Ontario’s PTSD report, 24 months in the making, recommends PTSD conference
ABOVE: Global’s Sean Mallen asked Ontario Labour Minister Kevin Flynn why the government hasn’t taken more concrete action to address PTSD in first responders.
TORONTO – The Ontario government’s long-awaited report on how to tackle trauma among first responders is sure about one thing: More needs to be done.
It just isn’t sure what.
The report makes 14 recommendations but does “not evaluate or assess the feasibility of ideas discussed.”
Twenty-three first responders across the country – 17 in Ontario – have killed themselves since April 29. The issue has come to the fore once again with the high-profile deaths of Ottawa police officer Kal Ghadban and New Brunswick RCMP Cpl. Ron Francis, who was found in his home dead Monday.
Chief among the reports’ recommendations are ways to change the culture within first responder institutions. First responders who treat or suffer from PTSD have been saying loudly for months the culture inside their workplaces needs to change.
“There was also a strong view that changing workplace culture is largely about removing stigma,” the report reads. “Changing attitudes cannot be achieved without ensuring proper supports are in place.”
The report also recommends recruiters should advertise their jobs “realistically” to “ensure recruits and young people are aware of the risks that they may face.”
The report paints a picture of a provincial bureaucracy too inflexible to deal with mental illness, and raises concerns about “the lack of a unified, coordinated and automatic response following a traumatic event in the workplace.”
But instead of recommending immediate action, it recommends having another conference in 2015.
“I think the time the committee spent on this was time well spent,” Ontario Labour Minister Kevin Flynn said in an interview Tuesday. “It’s time to move forward. So, you’re right, I think people want quick action on this and I think from here on you’ll be seeing a program certainly coming out of the Ministry of Labour that speaks to these issues.”
WATCH: Sean Mallen reports on the Ontario government’s report and what it hopes to accomplish.
But Flynn wouldn’t commit to any one recommendation until the conference – which he hopes will be in the first two months of 2015 – is finished.
Vince Savoia, founder of the Tema Conter Memorial Trust, has been tracking the number of suicides among first responders since April. The Tema Conter Memorial Trust is a non-profit organization dedicated to helping first responders deal with job-related traumatic stress.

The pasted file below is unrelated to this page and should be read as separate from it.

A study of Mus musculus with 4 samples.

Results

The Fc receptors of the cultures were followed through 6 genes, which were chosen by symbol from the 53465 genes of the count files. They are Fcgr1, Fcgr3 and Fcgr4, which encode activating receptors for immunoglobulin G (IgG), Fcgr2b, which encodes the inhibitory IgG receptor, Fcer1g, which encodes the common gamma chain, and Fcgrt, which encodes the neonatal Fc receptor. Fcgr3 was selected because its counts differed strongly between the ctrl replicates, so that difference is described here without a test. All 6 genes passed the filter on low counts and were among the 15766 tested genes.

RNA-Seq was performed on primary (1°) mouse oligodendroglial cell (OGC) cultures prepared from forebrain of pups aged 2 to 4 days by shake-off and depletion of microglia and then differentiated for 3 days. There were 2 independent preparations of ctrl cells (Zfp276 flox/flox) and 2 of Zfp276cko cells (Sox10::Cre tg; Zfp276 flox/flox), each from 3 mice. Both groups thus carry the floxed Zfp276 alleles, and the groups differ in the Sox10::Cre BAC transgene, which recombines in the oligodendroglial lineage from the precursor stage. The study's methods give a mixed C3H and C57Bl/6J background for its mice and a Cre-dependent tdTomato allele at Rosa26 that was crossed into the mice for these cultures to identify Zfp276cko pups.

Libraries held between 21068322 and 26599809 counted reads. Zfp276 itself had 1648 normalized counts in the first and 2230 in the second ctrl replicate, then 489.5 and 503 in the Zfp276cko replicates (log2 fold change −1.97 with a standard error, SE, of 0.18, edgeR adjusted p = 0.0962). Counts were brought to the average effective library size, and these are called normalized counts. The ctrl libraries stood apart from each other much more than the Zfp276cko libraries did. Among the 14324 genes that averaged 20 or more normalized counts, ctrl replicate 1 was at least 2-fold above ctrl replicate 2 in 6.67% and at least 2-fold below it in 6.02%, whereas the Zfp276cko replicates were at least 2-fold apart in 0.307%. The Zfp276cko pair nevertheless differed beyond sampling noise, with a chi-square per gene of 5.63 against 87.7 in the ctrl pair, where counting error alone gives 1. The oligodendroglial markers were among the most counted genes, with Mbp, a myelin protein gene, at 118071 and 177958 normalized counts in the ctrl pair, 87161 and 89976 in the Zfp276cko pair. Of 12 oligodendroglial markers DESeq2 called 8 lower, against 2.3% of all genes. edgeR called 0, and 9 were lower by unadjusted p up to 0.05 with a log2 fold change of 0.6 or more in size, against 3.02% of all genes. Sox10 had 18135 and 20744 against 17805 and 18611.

He’s glad the report is finally out but says most of the recommendations aren’t new.
“What concerns me is they’re calling for a second conference in 2015 and I really do have to ask, what is it going to take? How many more suicidal deaths do first responders have to experience before government actually takes the bull by the horns and actually does what needs to be done?”
He was also disappointed that his foundation’s board – made up largely of first responders who’ve dealt with PTSD themselves – wasn’t included in the report’s consultations.
“We’ve been knocking on government’s door for the past 13 years and for whatever reason we’re not taken seriously,” Savoia said. “When you look at the people involved in our organization, we have clinicians, we have retired first responders – we’ve been there, we know what needs to be done, we just don’t understand why it’s taking so long.”
The Ontario 2014 budget included $4.5 million for the Ontario Provincial Police to spend on mental health training for officers. The Office of the Fire Marshall, the fire college and WSIB have all implemented their own programs to educate employees about PTSD.
Dr. Jeff Morley, a clinical psychologist who spent 23 years with the RCMP, said first responders are at least twice as likely to be diagnosed with PTSD.
The report also recommends minimum standards are put in place for workplace training. Flynn said Tuesday he would “guarantee” just that, if that’s among the recommendations that come out of the 2015 workshop.
But Savoia said the government can act right now. NDP MPP Cheri DiNovo introduced a private members bill in July that would make it easier for first responders suffering from PTSD to receive benefits. Right now, they have to prove they have the disorder before receiving any help from WSIB – DiNovo’s bill seeks to remove that requirement.
“If they truly want to help first responders, they can easily table their own bill for presumptive disability. They don’t need to wait for a private members bill to make its way through the legislature,” Savoia said. “They can easily introduce this bill tomorrow and have it passed sooner rather than later.”
– With files from Sean Mallen
If you, a family member or someone you know is having suicidal thoughts, or you believe they may be suffering from severe depression and/or anxiety, there are many organizations available to help including the Canadian Association for Suicide Prevention. A lengthy list can be found here.